Sitara's story: living with Post Traumatic Stress Disorder
When I was younger I heard of PTSD for the first time in a History classroom where the teacher described it as shell shock. I remember seeing a picture of a gaunt figure lying in bed. I wondered at the time what he had been through in the trenches that make him feel like that. I never thought I would have experienced something like that in my wildest dreams.
My name is Sitara and I am 22, I am currently living in Bristol. I drink tea, sing, knit and am training to be a secondary school teacher. I also suffer from PTSD, depression and anxiety. I am recovering but recovery is never meant to be easy.
When I was 16, I got on a train. I remember the newspapers around me explaining the elation we as London felt in the Olympics. I remember feeling happy, but that train was to change my life. I was on one of the trains that was attacked in 7.7. I survived but had no scratches. I went home covered in Soot and tried to forget about it.
I started to suffer from nightmares and panic attacks. I used to hate being around smoke and people who were covered in fake blood. Even now, I refuse to use a certain exit at King's Cross station because it reminds me of that day. It broke me down very quickly. I found surviving was the hardest thing I ever had to do. Every day was a struggle, and sometimes still is, forcing myself to get out of bed when I have spent all night with nightmares is agonising. I remember thinking, and I used to be ashamed of this, that living was the hardest thing. Sometimes, I thought that it would have been easier if I was killed that day.
This has left me with severe trust issues; I do not let anyone in, even a doctor. I have tried and failed. Often too scared to attend appointments. I find it really hard to love, and to trust despite the fact I am trying to be so caring. I try and prevent other people feeling upset, because I don't want them to feel anything near, or similar to what I did.. I often suffer in silence and sometimes people have asked me if I am ok. My response is âI'm fine' when in fact I want to scream out that everything is not ok. Frankly I don't want them to worry. But I am also afraid that I will be told to âGrow up' or âGet over' this. I can't do that easily sadly. I don't think anyone can ever understand these illnesses unless they go through it; but I will do my best to explain to them how hard it is. That's if I trust them enough to hear how I feel in the first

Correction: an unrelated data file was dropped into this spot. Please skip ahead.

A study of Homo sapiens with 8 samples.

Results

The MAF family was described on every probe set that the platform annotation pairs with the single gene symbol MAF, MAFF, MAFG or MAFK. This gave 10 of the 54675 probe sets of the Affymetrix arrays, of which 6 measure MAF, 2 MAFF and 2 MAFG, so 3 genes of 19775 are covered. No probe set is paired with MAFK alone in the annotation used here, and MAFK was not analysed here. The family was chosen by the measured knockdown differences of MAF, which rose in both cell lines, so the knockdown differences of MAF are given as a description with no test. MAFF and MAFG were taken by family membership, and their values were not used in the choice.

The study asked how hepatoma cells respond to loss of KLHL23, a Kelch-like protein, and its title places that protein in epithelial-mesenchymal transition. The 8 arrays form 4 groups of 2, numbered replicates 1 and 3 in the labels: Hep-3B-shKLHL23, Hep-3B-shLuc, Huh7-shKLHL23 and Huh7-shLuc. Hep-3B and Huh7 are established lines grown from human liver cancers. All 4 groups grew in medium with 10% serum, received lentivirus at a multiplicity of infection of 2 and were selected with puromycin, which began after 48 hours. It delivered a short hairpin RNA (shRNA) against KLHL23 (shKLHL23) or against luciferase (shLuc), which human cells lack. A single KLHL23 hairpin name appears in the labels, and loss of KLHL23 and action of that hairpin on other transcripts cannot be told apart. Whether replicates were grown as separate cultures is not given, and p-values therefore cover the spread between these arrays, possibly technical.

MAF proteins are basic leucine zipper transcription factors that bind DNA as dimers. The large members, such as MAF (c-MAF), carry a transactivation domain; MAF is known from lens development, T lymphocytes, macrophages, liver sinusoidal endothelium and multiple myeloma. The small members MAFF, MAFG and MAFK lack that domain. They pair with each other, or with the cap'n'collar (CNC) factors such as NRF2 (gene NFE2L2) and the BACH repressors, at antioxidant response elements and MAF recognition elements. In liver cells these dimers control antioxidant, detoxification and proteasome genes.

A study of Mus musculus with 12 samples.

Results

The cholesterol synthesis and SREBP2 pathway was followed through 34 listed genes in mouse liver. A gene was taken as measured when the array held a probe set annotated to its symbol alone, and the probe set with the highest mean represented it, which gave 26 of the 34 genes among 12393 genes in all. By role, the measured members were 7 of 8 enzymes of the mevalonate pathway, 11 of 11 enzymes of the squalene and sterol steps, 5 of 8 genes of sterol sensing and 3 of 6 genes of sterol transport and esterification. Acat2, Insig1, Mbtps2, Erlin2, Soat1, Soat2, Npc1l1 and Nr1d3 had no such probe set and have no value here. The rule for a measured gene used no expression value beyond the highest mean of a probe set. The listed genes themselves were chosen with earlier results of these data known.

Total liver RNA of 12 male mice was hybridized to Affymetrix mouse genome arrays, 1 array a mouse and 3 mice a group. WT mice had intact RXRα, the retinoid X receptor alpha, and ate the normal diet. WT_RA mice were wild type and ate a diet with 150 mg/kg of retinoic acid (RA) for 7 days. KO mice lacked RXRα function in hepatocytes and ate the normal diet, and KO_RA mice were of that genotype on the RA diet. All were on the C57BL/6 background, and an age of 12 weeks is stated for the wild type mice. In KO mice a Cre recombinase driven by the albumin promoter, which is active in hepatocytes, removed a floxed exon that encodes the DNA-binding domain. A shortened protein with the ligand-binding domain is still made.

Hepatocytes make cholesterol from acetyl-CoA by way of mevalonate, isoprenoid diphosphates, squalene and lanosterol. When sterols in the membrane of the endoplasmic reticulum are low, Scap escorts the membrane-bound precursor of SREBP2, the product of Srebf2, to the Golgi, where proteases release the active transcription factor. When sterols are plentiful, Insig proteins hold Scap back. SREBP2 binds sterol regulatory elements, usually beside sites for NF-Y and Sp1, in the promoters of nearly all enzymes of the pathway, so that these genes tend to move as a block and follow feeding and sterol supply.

But this illness is not me, and nor does it make me. It is a part of me. Yes I suffer from these dreams and these feelings but I have friends and slowly I am beginning to rebuild my life. I have allowed myself to love people again and let myself enter a profession where I have to be strong. I don't think I could have done that six years ago. I am not strong, but nor am I weak. I have been through things that people cannot imagine, but then for me this is normal. For me its something I have to learn to live with; and hopefully with time and some courage (to ask for help) I will be ok.
I cannot remember who I was before that train, its such a turning point in my life but I have made it out the other side. That is why I am writing this blog, to tell people that things will get better. I hope I can inspire at least one person to go and ask for help, because mental illness does not make you, nor is it you. But its just one aspect in someone's wonderful personality.